Highlights from this year’s MENART fair in Paris

0
104

Mohamed Melehi

Melehi features in one of MENART’s special exhibitions, “Casablanca School,” which “attempts to capture the inspiration that this movement launched between 1962 and 1971” in Morocco. “The Casablanca school was not limited to an architectural context nor the educational program of an art school. It was above all a movement in search of artistic and cultural modernity specific to Morocco. It was a socio-cultural positioning that challenged the Academic system of art education and the Euro-centered art history,” the MENART catalogue explains. “This group of artists engaged in a study bringing back the practice of traditional geometric abstraction and the use of signs and symbols characteristic to their Berber, Arab-Muslim, and African social culture. In addition, they used materials of their surroundings such as leather, metal, and natural pigments as their mediums.” Melehi, who died in 2020, was an iconic figure in North African modernism, his use of bright colors and geometric forms — as shown in this piece from 1975 — creating a dynamic style of his own.

Faisal Samra

The Bahrain-born Saudi artist’s career spans five decades, during which he has experimented with photography, painting, sculpture, film, and performance. He is widely regarded as a pioneer of conceptual art in the Middle East, and his work has progressed from expressionism, through “emotive and sensory approaches to art” to a stage where, according to a bio from his gallery, “he has rebelled against his own understanding of art, transitioning into new works that maintain three essential concepts: spontaneity, dynamism, and secrecy.” This untitled diptych, created this year, demonstrates one of Samra’s recurring themes, as he once explained to Elan magazine. “Dissolving is a big thing in my work,” Samra said. “Because we are temporary as humans; we appear then disappear. It is because of this that we want to make things; we want to make a mark. This tension between death and life gives us the motivation to do whatever we are doing.”

Youssef Nabil

The Cairo-born Egyptian photographer Youssef Nabil is one of the region’s most successful artists. His hand-painted photography portraits of famous cultural figures from the Arab world and the West have proved especially popular, while his later series of self-portraits have displayed the artist’s introspective side. At MENART, he presents this 2021 work, “Memories of a Happy Place.” “I’m working on a new series of self-portraits and landscapes. They are about my observation and interrogation of life and existence and about how fragile we all are. It’s a subject that takes up a lot of my thinking,” he told GQ Middle East last year.

Rashid Diab

The Sudanese artist spoke to Arab News in September last year about his lovingly created paintings of his homeland’s landscapes and people, many of which — like this piece from 2020 — portray figures moving through seemingly vast spaces. He said this was because he senses that many Sudanes people “don’t know what to do.” “It makes life surreal. I see the silence of the space in the desert with people fading or vanishing away. It is an uncertain life.” He wanted to honor the women of his country, he added. “Many women in Sudan have lost their husbands or kids; they have suffered a lot,” he said. “But they keep going. They are very strong. I show them respect when I paint them. These women have to be recognized.”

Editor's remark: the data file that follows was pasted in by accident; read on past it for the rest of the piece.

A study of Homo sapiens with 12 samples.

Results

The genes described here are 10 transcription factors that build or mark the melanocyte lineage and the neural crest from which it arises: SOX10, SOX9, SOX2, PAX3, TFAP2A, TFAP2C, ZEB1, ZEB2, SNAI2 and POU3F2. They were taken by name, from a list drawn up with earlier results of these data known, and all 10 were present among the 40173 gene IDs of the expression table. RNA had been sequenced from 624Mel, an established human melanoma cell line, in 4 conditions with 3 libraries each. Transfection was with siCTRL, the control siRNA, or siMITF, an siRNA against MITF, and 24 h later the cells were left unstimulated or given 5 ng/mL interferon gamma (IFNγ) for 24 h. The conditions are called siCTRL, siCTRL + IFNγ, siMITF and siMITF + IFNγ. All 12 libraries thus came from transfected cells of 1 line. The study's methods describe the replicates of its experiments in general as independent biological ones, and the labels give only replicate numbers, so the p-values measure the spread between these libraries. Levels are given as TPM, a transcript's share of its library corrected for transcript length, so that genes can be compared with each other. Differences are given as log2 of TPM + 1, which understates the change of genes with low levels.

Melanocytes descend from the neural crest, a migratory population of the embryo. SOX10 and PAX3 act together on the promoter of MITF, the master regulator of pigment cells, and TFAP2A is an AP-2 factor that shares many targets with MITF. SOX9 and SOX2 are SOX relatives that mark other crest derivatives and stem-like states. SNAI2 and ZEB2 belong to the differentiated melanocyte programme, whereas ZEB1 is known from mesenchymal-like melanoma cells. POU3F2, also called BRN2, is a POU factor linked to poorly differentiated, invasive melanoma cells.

Sama Alshaibi

Iraqi multimedia artist Sama Alshaibi was born in Basra to an Iraqi father and Palestinian mother. It is no surprise, then, that her work — according to a bio written by Ayyam Gallery — “explores spaces of conflict and the power struggles that arise in the aftermath of war and exile.” It continues: “Alshaibi is particularly interested in how such clashes occur between citizens and the state, creating vexing crises that impact the physical and psychic realms of the individual as resources and land, mobility, political agency, and self-affirmation are compromised.”

Elias Moubarak

“The Levant is a region where both modern and contemporary artists have re-appropriated their chaotic and unstable daily lives and integrated them into their art,” the MENART brochure states. Notions of “territory, refugees and traditions” dominate their work, and Lebanon especially “possesses this singular ability to capture cultural flows from various sources and to play a role of mediation and filter for movements and styles, born in the West or elsewhere, in order to translate them into its own artistic frameworks.” Lebanese filmmaker and photographer Elias Moubarak, who lives in Germany, presents this haunting, untitled work from 2018 at MENART.

Abdulqader Al-Rais

Al-Rais is one of the UAE’s most-respected artists, known for his landscapes, architectural studies and abstract work, the latter earning him most acclaim. The septuagenarian is largely self-taught. According to the Sharjah Art Foundation, he is “known for both his abstract oil paintings — which draw on Arabic script and geometric forms — and his more recent landscape watercolors, which reflect his longtime interest in traditional Emirati architecture and nature.” This untitled work from 2020, on show at MENART, is a fine example of the former.

Yousef Jaha

A veteran and leader of the Saudi art scene, Makkah-born artist Yousef Jaha held his first solo exhibition back in 1987. At MENART, he is showing this untitled, muted oil painting from 2021. In a previous artist’s statement, Jaha said: “My works constitute a vital part of my personality, a kind of faith, confidence and innate expression of my internal concepts. Experience — and enjoyment — of this work must from inside, and leads to both a natural contemplation and an experience of the technological which expresses it.”